04 May 2023

Dialogue helps – but never on the basis of exclusion


Our work stems from the belief that every person counts. This also applies to people from the LGBTQI+ community. We therefore hereby clearly speak out against the discrimination, hatred and violence that many gay, lesbian, queer and trans people experience and endure on a daily basis. In all the countries we work in, including the Netherlands.

At the same time: we also believe that dialogue helps. In many different places in the world we focus on dialogue to bring together people who would normally oppose each other. When you talk to ‘the other’, you can find out what moves them. And sometimes you’ll even find that you are not that different at all, because you are both human.

Our experience tells us that violence is lurking in places where entrenched beliefs about ‘the other’ are no longer questioned and where power relations have become lopsided. We aim to prevent violence. Our cooperation with religious institutions and religious actors gives us an immense head start in this regard.

Worldwide, billions of people feel connected to a religion or religious community, and religious leaders and their statements are of great significance to these people. Unfortunately, this power is sometimes abused; the examples of religious beliefs leading to the exclusion of certain groups are numerous. The subject of LGBTQI+ in particular, often leads to tension, also in our cooperation with religious leaders.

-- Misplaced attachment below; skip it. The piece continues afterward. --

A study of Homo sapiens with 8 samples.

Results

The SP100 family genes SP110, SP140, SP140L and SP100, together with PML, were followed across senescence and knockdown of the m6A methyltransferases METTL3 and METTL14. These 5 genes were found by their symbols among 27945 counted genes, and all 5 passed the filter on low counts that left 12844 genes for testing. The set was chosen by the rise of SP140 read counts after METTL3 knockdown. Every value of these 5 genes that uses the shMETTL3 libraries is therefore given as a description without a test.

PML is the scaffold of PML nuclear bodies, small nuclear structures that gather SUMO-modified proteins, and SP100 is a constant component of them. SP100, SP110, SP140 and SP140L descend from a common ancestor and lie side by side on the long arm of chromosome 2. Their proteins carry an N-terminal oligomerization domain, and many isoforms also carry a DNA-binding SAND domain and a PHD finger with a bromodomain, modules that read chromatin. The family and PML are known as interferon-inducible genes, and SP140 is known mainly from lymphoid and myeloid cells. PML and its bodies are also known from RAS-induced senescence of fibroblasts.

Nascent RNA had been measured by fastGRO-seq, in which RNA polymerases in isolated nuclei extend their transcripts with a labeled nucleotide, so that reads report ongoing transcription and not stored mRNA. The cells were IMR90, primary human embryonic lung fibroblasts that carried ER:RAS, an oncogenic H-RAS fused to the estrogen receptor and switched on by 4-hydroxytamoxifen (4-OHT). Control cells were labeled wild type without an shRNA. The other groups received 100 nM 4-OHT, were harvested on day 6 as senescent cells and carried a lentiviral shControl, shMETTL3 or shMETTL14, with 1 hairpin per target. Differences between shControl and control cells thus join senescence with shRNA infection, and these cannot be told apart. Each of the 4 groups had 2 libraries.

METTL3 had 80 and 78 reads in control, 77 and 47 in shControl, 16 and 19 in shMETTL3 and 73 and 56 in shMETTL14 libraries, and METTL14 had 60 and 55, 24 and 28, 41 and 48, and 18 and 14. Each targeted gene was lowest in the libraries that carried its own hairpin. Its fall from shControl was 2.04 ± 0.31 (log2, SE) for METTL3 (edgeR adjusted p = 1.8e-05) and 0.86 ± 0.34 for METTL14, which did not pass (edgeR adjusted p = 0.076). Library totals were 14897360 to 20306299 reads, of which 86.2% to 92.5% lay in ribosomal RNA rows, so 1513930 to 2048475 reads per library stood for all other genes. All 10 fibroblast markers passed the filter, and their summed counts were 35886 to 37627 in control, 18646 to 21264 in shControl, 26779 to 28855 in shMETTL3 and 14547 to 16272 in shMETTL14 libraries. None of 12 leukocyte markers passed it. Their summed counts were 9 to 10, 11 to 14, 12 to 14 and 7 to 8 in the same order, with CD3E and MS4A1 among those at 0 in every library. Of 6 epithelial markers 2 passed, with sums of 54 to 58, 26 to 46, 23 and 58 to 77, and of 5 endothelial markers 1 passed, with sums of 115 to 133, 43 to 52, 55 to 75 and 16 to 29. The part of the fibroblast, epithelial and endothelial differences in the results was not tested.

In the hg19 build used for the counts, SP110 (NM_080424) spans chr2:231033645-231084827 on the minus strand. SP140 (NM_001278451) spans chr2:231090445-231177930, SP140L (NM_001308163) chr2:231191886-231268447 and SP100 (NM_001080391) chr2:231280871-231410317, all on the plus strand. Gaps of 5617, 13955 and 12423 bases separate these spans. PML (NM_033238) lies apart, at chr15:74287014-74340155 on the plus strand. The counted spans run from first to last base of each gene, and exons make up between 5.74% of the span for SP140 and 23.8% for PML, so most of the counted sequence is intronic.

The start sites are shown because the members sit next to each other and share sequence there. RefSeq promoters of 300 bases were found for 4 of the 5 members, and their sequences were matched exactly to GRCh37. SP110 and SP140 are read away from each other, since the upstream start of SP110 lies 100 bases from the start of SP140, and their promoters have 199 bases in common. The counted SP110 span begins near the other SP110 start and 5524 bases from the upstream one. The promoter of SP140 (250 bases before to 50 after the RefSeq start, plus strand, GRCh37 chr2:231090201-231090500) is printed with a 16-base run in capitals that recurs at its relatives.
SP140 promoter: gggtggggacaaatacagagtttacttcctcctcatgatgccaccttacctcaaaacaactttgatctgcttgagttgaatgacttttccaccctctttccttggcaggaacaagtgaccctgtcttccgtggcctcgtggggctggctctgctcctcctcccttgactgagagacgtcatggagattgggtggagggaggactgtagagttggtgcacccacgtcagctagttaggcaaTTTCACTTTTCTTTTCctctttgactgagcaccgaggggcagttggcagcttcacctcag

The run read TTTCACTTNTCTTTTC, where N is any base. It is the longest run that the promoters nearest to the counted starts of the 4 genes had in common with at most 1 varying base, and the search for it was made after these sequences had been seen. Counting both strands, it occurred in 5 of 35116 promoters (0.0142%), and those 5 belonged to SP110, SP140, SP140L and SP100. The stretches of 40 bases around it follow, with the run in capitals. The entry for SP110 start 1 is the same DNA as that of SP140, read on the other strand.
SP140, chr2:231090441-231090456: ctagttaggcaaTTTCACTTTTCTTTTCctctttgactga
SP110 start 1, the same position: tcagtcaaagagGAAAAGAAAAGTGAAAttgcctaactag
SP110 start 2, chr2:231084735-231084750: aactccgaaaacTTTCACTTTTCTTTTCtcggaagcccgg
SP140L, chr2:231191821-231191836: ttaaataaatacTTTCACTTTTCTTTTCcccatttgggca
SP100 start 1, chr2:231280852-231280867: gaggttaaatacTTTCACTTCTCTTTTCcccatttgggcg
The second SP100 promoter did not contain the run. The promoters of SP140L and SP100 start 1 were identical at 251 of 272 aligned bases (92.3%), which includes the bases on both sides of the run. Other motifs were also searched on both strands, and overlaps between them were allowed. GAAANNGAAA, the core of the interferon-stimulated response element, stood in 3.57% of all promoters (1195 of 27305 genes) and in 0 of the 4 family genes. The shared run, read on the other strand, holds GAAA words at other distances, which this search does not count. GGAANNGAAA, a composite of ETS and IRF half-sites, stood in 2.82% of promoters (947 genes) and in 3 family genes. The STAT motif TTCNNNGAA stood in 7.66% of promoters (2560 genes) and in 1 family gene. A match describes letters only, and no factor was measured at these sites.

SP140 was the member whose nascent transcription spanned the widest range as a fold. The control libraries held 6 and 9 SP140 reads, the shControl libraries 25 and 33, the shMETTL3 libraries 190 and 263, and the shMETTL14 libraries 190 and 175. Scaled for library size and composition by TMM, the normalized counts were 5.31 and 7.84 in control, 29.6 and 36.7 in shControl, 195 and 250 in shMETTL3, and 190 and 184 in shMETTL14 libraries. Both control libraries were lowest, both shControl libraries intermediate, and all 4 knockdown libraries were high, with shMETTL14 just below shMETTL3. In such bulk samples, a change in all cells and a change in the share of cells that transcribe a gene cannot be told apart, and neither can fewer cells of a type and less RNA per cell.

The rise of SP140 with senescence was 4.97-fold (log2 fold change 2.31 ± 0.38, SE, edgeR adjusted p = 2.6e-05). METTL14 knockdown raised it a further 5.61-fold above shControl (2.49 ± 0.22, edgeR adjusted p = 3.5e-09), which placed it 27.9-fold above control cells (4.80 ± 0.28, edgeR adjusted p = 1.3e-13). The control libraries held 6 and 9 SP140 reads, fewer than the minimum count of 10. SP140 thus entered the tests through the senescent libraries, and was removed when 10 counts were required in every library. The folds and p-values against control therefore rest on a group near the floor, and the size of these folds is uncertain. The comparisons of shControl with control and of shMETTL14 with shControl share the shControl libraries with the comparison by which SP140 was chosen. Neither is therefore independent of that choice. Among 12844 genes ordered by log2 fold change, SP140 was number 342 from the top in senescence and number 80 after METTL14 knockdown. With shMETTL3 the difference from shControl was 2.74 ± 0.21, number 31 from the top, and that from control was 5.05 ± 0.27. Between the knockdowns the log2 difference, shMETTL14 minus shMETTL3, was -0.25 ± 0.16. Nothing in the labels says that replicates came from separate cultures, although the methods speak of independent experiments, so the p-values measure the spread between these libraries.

At the same time, we also see the enormous potential. By working together with religious leaders and organizations, we use their influence to promote the rights of women, youth and (religious) minorities, to prevent conflicts and radicalisation, and to promote peaceful coexistence. And this has a noticeable effect.

We are also very aware of the position of power that we hold as an organisation. This means that we want to be cautious and guarded in imposing our standards on others. And no matter how you look at it: the colonial history of our country plays a major role in this. Power is still not distributed fairly worldwide, and that influences positions, reactions and interpretations in, for example, the current LGBTQI+ discussion in Uganda. This also presents us as an organisation with a considerable challenge.

In recent months, we as an organisation have been challenged to take a very critical look at where we set our limits. Calling for, and inciting violence is that limit.

Whenever we approach that limit, it saddens us. Especially because we believe so strongly that our contribution to peaceful and just societies lies in facilitating dialogue. Striving for a peaceful society however, means that everyone can participate and be themselves. And a just society can never go together with the exclusion of certain groups. That is the basis of our work. And that is why we are in continuous discussion with our partners worldwide about what inclusivity and tolerance mean on the path to a peaceful society.